Michelle Rhee plans to release her legislative agenda for education reform early this week, but whether legislators will embrace the platform remains to be seen, analysts say. "Whatever she releases will get attention," said Neal McCluskey, associate director of the Cato Institute's Center for Educational Freedom. "It's a lot harder to say whether it will have any on-the-ground traction as far as legislation passed."
Rhee, the former city schools chancellor whose reforms polarized the District, told
The Washington Examiner of her plans to create a national education platform through the nonprofit advocacy group she started earlier this month, StudentsFirst. She described the agenda as "the gold standard of what the [educational] environment should look like, the laws that should be in existence, to really focus on the kids."
Rhee said she had spoken with governors -- some of whom had already indicated interest in adopting the platform -- as well as mayors and other community members to hash out the best plan.
Political consultant Chuck Thies said to look for Republicans to latch onto the platform. "And with more state houses controlled by Republicans, there's a greater appetite for these ideas," Thies said.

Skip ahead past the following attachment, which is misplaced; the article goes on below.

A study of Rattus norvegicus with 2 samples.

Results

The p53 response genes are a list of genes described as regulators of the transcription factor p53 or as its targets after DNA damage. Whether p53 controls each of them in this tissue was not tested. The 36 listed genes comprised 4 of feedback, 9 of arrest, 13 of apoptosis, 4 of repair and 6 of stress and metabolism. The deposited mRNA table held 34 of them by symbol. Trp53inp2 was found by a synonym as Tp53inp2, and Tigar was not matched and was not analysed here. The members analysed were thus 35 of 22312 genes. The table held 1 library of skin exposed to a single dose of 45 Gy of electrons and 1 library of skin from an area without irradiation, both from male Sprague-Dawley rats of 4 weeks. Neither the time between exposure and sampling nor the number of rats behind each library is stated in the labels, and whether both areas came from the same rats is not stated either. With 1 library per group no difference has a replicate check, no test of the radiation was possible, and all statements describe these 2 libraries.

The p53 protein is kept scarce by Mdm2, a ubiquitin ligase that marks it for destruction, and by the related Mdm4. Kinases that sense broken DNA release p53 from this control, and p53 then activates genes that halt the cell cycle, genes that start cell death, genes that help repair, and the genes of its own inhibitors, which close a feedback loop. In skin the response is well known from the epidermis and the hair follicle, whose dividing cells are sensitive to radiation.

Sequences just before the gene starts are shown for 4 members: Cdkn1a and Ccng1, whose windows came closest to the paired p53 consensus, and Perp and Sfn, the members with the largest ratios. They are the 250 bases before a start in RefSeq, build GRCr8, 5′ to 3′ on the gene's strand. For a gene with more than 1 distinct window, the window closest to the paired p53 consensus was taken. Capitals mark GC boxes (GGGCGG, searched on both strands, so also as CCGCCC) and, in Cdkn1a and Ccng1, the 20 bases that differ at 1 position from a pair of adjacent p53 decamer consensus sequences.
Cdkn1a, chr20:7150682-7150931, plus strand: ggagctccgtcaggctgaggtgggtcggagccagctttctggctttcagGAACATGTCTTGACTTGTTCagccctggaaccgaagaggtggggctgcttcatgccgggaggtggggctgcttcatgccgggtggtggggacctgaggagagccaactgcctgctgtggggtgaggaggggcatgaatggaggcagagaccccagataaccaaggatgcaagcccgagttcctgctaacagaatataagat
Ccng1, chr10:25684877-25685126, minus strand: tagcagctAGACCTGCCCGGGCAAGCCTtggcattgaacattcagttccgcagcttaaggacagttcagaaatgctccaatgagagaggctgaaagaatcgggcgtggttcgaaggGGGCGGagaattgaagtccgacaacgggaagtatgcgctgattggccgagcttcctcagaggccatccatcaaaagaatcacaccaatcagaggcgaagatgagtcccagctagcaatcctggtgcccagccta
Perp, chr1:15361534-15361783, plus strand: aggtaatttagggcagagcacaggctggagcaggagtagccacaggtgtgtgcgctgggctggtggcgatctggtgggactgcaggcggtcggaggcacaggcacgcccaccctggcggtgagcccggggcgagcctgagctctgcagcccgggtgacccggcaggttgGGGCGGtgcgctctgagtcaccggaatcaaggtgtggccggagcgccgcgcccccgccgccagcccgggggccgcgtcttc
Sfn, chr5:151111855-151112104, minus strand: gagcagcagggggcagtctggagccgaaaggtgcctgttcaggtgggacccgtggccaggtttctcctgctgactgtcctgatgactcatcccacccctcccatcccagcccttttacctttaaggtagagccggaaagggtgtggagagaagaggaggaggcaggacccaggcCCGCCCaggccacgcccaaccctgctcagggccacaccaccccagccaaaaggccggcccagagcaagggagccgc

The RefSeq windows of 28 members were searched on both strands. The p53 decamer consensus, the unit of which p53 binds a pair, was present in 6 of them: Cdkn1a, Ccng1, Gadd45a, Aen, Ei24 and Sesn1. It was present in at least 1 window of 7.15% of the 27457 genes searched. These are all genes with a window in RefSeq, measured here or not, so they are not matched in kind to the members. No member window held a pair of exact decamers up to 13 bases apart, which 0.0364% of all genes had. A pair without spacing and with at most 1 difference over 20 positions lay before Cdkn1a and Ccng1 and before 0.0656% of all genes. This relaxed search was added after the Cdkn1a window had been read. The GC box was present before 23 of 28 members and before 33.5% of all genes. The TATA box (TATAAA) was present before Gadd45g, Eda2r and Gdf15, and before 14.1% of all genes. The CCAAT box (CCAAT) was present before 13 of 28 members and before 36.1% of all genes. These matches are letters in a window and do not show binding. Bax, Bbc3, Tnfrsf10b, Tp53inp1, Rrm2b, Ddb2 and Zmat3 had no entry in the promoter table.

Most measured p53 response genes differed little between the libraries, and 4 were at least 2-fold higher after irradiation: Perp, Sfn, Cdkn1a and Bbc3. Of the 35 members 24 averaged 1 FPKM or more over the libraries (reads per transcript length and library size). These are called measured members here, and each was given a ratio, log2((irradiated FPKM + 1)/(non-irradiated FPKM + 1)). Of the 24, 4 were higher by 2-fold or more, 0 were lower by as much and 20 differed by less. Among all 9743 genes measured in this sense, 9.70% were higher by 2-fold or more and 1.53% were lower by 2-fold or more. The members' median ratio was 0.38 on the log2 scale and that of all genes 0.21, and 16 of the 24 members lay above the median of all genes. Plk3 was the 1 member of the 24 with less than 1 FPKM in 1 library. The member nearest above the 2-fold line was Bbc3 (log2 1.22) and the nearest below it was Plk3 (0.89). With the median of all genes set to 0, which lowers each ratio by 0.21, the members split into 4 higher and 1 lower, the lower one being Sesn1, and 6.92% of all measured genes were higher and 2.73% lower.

But Rhee's unceremonious departure from District may scare politicians away from her branded platform, Thies warned.
Rhee resigned her post after Adrian Fenty lost the Democratic mayoral primary to D.C. Council Chairman Vincent Gray in an election viewed as a referendum on Rhee's reforms.
"If the Rhee ideology means you don't become elected, then very few politicians will be willing to adopt that," Thies said.
Terry Lynch, a local political observer and school reform advocate, said Rhee's run in the District would not tarnish the agenda's adoption.
"There are still plenty of politicians out there who are risk takers -- that's how they got to be politicians," Lynch said. "There are numerous urban systems out there looking to turn around school systems that have been sinking ships."
Rhee is a member of Republican Florida Gov.-elect Rick Scott's education transition team, which released its policy agenda last week. The 20-page document is stuffed with Rhee hallmarks, from the elimination of teacher tenure for recent hires, to the emphasis on quality charter schools, and is a strong indicator of what's to come from StudentsFirst's platform, Thies said. "Pardon the pun, but I think we're going to see a 'Rhee-packaging' of what we already know about her legislative priorities," he said.